Gemma Dryburgh became the first Scot to win on the LPGA Tour since 2011, staying "surprisingly calm" to claim victory by four strokes at the LPGA Japan Classic on Sunday.
World number 199 Dryburgh rattled off seven birdies with no bogeys on her final round to capture her first title on the elite LPGA Tour.
She also gave Scotland its first winner on the tour since Catriona Matthew at the 2011 Lorena Ochoa Invitational.
Dryburgh began the day one shot behind leader Momoka Ueda but carded a final-day score of 65 to put her 20-under overall, four shots clear of Japanese runner-up Kana Nagai.
The 29-year-old from Aberdeen said winning the tournament was "overwhelming" but showed no signs of nerves as the prize got closer.
"I was surprisingly calm," said Dryburgh, who finished her round with a birdie.
"When I dreamt of this moment, I thought I'd be super, super nervous, I'm not going to lie. But I was incredibly calm, to be honest."
Dryburgh became the fourth different Scot to win on the LPGA Tour.
She made a steady start with two birdies on the front nine but really caught fire as she homed in on the finish.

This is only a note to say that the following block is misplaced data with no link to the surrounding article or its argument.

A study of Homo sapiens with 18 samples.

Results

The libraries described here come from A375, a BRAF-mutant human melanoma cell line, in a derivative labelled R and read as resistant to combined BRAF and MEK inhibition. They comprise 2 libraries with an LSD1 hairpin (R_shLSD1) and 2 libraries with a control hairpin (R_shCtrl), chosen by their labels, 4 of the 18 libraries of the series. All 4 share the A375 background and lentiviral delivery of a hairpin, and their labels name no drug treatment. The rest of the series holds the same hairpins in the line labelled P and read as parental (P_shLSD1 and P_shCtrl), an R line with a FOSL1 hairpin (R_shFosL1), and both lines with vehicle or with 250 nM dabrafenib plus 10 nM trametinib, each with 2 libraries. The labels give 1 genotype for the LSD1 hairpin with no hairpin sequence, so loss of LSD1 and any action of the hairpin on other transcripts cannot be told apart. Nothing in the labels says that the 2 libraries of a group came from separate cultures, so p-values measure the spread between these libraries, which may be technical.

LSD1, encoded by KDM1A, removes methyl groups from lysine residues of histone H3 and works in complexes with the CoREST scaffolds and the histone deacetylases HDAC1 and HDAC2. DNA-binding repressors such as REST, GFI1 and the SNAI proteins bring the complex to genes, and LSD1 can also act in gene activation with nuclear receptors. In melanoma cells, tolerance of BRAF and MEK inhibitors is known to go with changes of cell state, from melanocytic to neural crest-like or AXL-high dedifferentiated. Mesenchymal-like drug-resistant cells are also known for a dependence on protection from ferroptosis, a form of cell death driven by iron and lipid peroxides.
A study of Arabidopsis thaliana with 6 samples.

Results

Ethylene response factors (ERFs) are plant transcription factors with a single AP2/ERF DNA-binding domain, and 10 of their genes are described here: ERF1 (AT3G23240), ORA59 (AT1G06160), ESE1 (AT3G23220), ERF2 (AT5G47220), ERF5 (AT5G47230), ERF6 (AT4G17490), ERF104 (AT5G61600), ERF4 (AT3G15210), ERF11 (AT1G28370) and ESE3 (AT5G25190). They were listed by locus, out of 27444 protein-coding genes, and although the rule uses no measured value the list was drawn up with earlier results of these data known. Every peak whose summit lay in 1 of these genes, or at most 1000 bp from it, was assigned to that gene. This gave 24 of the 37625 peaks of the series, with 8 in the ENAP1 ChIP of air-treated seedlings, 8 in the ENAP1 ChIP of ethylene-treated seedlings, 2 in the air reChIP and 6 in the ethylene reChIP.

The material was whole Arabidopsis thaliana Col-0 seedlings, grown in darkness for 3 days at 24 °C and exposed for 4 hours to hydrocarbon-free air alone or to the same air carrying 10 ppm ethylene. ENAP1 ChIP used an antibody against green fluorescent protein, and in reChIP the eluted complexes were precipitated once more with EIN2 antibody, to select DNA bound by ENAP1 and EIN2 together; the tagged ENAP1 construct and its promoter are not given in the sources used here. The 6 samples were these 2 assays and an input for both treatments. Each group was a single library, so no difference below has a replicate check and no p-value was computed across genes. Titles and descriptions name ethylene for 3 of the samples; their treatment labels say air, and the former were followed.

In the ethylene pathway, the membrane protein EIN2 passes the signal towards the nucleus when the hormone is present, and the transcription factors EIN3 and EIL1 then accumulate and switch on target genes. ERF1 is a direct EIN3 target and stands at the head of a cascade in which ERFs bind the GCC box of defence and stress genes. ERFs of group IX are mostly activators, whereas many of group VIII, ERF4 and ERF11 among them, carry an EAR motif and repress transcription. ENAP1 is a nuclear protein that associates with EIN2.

Dryburgh said a three on the par-four 11th was "the turning point" as she fired off five birdies in the space of eight holes.
"I had a really good shot there yesterday and hit the same club today, so I was confident I could do it again," she said of her birdie on the 11th.
"But yeah, had an incredible shot there and it was a nice birdie on that one."
Sweden's Linn Grant finished third, one shot behind Nagai.
Ueda, who had led from the first round, fell away to a tie of fifth after a disastrous final-round 74 that included three bogeys and a double-bogey.
New world number one Atthaya Thitikul of Thailand tied for 10th on 10-under.
Atthaya was playing her first tournament since becoming the second-youngest world number one in women's golf history this week, following a stunning debut year on the LPGA Tour.
The 19-year-old, who has won twice on the tour this season, said she was not happy with the result but was "still in a good zone".
"I think what I've achieved now -- I know when you look at it, it seems like a lot but I don't think that much because this is just my first year on the tour," said Atthaya.
"There's a lot of work to do. I think I am still working and getting better, improving."
The LPGA was returning to Japan for the first time since 2019 for the event, which was co-sanctioned with Japan's JLPGA.
The tournament was contested as a JLPGA-only event in 2020 and 2021 because of the coronavirus pandemic.
Fans came out in force at Seta Golf Course in western Shiga Prefecture and Dryburgh said she was "lapping up" the atmosphere.
"They are amazing fans," she said.
"We get clapped onto every tee, which is amazing. The vibes are just so good."